By HAILEY WILLIAMS
I don’t remember a lot about the party, except that we were having a good time. It was a gorgeous night. The stars were out, we had a bonfire going, and everyone was glad that freshman year was coming to an end. My best friend, Eva, and I sat on the patio near the fire pit, the flames casting warm orange lights across our faces as we watched our friends in the pool.
We were enjoying a comfortable silence, or at least I thought we were. I was happy. Eva wasn’t. I should’ve been able to see it on her face.
“I need you to pray for Doc Harris. I think she might die soon,” she told me with an unwavering voice.
It was one of those moments when the world just stopped moving. The splashing in the pool had faded to white noise. My heart dropped to my stomach. I couldn’t speak. It was like all the wind had been knocked out of me.
Eva stood up and walked away. I couldn’t move.
I knew Eva’s mom was sick, but not that type of sick. My heart broke instantly for my best friend and her mom, who had become my mom too.
Doctor Joy Harris was one of those people that lit up a room. Not only was she one of the happiest people I’ve ever met but also one of the most compassionate and loving. The day I started the sixth grade with Eva, she became my second mom. My mom was late picking my brother and I up from school, so Doc H took us into her classroom and fed us popcorn and made us laugh until my mom could get there. Eventually, she and Eva became my closest friends. I could tell her anything and she would give me advice. From disagreements I was having with my real family to my first crush, Doc H had heard it all. She always helped me with anything I needed her for as best as she could. She called me her third daughter and treated me as if I was her own.
The day after the party, I learned that Doc H had been battling with cancer for as long as I had known her. For years, even after spending so much time with her, I didn’t know. I asked if I could visit her, and Eva’s dad respectfully told me that it was probably better for everyone if I didn’t come to see her. She was spending her last days at home in a hospital bed, had lost her hair, and looked very weak. He said that she didn’t want me to remember her that way. All I could do was leave a “Thinking of You” Hallmark in their mailbox.
Two weeks later, in Spanish class, the world stopped again. I got a text from a friend. All it said was, “Did you hear about Mrs. Harris?”
Doc H had passed away earlier that morning. I was numb. I couldn’t even cry.
Mr. Harris had planned his wife’s funeral to be in Detroit, where she was raised. So, the next week my mom and I flew to Michigan. Before that day, I had never been to a funeral I could remember. Regardless, I knew that they were sad, even depressing. Mrs. Harris’s service changed that perspective.
The entire day was a whirlwind of emotions. I just remember being so proud of Eva for how strong she was. I sat a few rows behind her wiping tears, but I don’t think I ever saw Eva cry. In fact, out of the fifty people in the church, my mom and I made up two of the five people crying.
I didn’t understand why more people weren’t.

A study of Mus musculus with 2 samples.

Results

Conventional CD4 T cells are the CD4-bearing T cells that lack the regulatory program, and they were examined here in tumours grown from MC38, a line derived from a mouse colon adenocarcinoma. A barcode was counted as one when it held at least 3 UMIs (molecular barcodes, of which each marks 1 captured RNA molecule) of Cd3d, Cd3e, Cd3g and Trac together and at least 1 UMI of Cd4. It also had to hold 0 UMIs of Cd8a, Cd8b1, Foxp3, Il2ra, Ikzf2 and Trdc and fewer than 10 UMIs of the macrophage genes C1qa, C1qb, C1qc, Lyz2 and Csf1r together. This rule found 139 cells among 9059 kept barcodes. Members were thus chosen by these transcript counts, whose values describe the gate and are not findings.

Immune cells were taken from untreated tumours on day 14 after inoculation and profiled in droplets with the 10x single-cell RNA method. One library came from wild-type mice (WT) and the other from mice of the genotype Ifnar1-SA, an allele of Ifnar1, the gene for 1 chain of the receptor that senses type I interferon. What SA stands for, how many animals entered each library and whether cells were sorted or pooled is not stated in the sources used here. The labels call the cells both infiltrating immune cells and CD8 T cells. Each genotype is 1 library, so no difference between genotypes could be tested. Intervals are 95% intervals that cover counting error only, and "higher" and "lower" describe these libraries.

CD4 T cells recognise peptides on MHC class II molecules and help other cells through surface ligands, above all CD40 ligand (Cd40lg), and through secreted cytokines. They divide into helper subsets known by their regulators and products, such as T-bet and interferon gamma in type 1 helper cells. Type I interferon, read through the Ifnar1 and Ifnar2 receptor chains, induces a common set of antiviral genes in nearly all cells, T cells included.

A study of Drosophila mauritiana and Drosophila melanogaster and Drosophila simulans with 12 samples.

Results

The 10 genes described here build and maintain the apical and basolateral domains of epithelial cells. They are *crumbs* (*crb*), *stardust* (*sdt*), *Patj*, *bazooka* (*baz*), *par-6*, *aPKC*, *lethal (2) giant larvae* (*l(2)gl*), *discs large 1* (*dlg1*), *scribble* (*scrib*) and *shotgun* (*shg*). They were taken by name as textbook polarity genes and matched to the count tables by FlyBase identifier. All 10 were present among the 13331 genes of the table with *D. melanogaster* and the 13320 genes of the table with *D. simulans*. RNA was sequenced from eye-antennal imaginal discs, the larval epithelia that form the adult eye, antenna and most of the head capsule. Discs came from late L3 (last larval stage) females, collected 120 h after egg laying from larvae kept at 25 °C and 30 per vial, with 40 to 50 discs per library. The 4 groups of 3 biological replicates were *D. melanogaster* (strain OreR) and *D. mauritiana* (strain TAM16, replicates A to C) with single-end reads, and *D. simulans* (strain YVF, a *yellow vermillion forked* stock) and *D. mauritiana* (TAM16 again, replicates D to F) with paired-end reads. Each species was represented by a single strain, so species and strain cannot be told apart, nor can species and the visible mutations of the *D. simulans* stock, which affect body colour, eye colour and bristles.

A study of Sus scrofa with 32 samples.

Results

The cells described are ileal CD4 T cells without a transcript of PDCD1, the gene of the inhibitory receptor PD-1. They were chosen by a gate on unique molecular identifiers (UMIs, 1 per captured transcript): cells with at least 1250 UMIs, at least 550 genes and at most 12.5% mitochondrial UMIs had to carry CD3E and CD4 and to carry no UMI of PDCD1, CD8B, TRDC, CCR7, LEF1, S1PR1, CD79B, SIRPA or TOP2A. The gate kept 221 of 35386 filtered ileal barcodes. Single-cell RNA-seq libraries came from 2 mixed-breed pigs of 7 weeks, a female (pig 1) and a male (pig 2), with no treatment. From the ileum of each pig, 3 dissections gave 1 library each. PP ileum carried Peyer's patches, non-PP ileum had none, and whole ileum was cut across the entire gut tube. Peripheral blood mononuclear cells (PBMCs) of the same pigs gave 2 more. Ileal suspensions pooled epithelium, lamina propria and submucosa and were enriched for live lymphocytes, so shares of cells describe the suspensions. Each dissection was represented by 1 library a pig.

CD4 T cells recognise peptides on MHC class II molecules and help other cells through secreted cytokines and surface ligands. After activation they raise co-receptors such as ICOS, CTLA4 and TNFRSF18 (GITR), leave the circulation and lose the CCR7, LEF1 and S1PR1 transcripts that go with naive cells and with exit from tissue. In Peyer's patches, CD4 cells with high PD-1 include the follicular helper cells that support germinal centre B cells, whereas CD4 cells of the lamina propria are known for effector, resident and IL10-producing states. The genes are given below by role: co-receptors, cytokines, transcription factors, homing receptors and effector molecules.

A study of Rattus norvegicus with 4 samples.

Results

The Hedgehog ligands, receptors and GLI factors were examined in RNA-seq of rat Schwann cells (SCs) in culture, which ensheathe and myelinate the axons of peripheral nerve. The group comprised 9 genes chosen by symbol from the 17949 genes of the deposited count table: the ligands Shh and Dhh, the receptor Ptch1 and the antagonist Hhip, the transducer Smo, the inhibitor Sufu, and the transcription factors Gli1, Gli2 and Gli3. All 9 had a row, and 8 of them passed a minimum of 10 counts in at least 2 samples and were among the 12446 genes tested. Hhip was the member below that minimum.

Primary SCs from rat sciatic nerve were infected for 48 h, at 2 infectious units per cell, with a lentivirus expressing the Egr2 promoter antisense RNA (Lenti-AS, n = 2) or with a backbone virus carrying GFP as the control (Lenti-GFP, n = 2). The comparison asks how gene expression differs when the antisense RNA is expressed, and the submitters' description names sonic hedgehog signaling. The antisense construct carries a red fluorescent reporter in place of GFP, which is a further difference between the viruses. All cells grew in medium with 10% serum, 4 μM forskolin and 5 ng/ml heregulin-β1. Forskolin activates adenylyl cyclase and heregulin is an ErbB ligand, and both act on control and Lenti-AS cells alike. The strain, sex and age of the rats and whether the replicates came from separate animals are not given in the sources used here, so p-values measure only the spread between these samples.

Near the end of the service, the officiating reverend gave a short sermon that answered that question.
He told us a story about a man and a woman sitting next to each other on a plane. While on the flight, she picked up her bag of cookies she had just bought from the airport and began to eat them. The man reached over, took one cookie from the bag and popped it in his mouth. The woman was immediately confused and angry. What made this man think he could just take her food from her? She asked him why he had taken her food, but the flight was landing and he got off the plane without answering her. The woman angrily got off the plane and threw away the now empty bag of cookies. She reached in her purse, looking for her phone, and found another bag. She had never taken her bag of cookies out of her purse and had been eating the man’s bag the entire flight.
Essentially, the story was a metaphor for our relationship with God. All of us mourning people in the church were the woman, indignant, when a man, God, took one of his cookies that was never ours back. Mrs. Harris was the cookie. We were meant to be grateful for and thank God for the time we had with Mrs. Harris, rather than be mad at Him for taking her away.
Here, I think it’s important to note that I have never been religious. Regardless, the story still resonated with me because a person doesn’t have to believe in God to see the point the reverend was trying to make. He wanted us to understand that when a person passes, it is our job to honor that person by celebrating their life and being grateful for the time we had with them instead of continuing to mourn them and be angry. That’s why so few people in the church were crying. They were there to remember the time they spent with Mrs. Harris and be happy about those memories. They didn’t cry because the funeral was a celebration.
The dinner after the service was the best part of the day. I met Eva’s entire extended family. They were just like Mrs. Harris, happy and joyous. We sat in the church eating soul food and laughing for hours. Eva’s uncle, Larry, and I spent a while discussing the entire Marvel film franchise and trying to decide which superhero had the best movie. Aunt Jeanie and my mom laughed over Mr. Harris’s stories from his childhood in Florida. We wished Mrs. Harris could have been there to laugh and smile with us but knew that we shouldn’t mourn her anymore.
Hailey Williams is a junior studying Political Philosophy and Policy Studies. “Freeing yourself was one thing, claiming ownership of that freed self was another.”